In Memoriam: Professor Emeritus Curtis Smith

Professor Emeritus Curtis Smith. Photo courtesy Dana Feldshuh Whyte ’60

Professor Emeritus Curtis Smith died on February 15 at the age of 93. After serving four years in the US Army during World War II, Smith attended the University of Chicago, where he earned his undergraduate degree and his doctorate. He arrived at Mount Holyoke in 1955 with an exceptionally broad background. He was a gifted experimentalist and had physics, chemistry, optics, and electronics as well as physiology and anatomy at his fingertips. He had a flair for designing and building equipment to meet any challenge, for any thesis or course in the sciences. He loved to repurpose government surplus, which he regularly harvested from a depot in Taunton, Massachusetts. For decades, there was hardly a piece of equipment in the biology department on which Smith had not put his personal touch.

Perhaps most important to Smith and to his students was his teaching, nourished by his unshakable belief that every student wanted to learn. He was a founding member—and then chair—of the College’s neuroscience program. At first his experimental work was at the intersection of biochemistry and neurobiology, but later he studied higher mental functions, especially memory. His book, Ancestral Voices: Language and the Evolution of Human Consciousness (1984), weaves together many strands of biology, neuroscience, and cognitive science.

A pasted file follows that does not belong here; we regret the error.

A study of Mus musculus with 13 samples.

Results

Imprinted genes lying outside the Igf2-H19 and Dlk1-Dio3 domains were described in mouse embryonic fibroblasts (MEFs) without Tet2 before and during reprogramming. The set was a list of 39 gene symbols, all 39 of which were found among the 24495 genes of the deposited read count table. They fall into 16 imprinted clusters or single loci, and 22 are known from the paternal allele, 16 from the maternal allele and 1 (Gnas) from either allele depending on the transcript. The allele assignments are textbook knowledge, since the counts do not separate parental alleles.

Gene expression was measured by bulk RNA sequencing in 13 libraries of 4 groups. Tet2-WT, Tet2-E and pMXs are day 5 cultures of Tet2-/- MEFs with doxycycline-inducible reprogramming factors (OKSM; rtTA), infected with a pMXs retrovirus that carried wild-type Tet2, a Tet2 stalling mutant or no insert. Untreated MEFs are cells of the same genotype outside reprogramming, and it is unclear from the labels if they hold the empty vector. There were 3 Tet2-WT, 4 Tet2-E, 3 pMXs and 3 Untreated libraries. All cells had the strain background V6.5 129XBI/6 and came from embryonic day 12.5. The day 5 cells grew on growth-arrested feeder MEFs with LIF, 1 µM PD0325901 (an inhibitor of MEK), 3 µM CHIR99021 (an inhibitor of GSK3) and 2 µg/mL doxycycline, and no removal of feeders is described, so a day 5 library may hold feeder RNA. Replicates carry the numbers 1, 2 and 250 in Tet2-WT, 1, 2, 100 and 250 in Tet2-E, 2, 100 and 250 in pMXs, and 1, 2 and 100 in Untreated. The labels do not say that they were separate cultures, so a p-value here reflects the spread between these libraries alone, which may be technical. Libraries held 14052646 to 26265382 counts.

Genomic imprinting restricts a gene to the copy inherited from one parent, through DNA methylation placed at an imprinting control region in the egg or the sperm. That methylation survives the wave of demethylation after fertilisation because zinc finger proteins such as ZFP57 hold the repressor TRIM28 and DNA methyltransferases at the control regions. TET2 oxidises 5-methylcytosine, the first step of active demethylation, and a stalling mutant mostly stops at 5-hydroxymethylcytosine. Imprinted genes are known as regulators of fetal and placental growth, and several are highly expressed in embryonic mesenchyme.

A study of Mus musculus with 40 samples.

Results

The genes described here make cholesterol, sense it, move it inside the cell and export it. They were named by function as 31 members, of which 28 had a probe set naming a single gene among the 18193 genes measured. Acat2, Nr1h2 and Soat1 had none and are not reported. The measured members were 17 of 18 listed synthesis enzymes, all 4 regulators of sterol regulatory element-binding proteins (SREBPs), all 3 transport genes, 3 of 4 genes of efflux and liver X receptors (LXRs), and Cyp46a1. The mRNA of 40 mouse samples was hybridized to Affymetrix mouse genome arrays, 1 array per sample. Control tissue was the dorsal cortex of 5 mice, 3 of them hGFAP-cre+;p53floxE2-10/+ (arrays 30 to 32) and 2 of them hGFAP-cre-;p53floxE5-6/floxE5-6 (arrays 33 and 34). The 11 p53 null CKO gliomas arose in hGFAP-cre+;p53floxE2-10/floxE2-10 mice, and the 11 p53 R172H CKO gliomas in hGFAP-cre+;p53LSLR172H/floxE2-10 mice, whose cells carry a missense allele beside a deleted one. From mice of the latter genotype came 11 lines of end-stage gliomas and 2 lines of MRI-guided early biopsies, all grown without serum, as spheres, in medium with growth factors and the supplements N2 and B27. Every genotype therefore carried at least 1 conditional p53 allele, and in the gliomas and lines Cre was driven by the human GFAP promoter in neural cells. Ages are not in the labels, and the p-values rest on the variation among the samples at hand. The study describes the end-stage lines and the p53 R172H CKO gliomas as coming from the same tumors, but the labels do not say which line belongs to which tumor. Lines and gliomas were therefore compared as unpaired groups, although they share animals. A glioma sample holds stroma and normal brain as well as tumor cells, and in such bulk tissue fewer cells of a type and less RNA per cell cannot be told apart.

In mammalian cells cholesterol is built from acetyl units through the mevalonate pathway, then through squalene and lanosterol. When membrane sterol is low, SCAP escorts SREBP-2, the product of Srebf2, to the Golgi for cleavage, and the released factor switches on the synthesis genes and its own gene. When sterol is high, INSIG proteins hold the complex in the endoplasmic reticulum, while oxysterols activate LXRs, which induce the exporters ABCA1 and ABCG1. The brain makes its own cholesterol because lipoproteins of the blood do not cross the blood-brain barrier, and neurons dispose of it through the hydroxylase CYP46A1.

Smith participated in the development and teaching of several interdisciplinary courses. He taught Information Theory before that subject was widely recognized and was one of the early adopters of personal computing at Mount Holyoke. For a while, his personal computer was a gigantic Army surplus UNIVAC that filled the longest wall of his lab. 

During his career Smith supervised eighty-two honors theses, never turning away a student. In 2001, nineteen years after he retired as the Norman Wait Harris and Emma Gale Harris Foundation Professor of Biological Sciences, he taught his January Term course, The Structure of Memory, for the last time, to sixty-seven students.   

Smith was interested in everything, but nothing brought him more joy than his family. His wife of fifty-two years, Elaine, passed away in 1999, leaving him bereft. In 2007 Smith found happiness again in his marriage to Dana Feldshuh Whyte ’60, who survives him. He is also survived by a sister, three children, a stepson, and their families, including many grandchildren and great-grandchildren.

—By Stan Rachootin, professor of biology

This article appeared in the spring 2017 issue of the Alumnae Quarterly.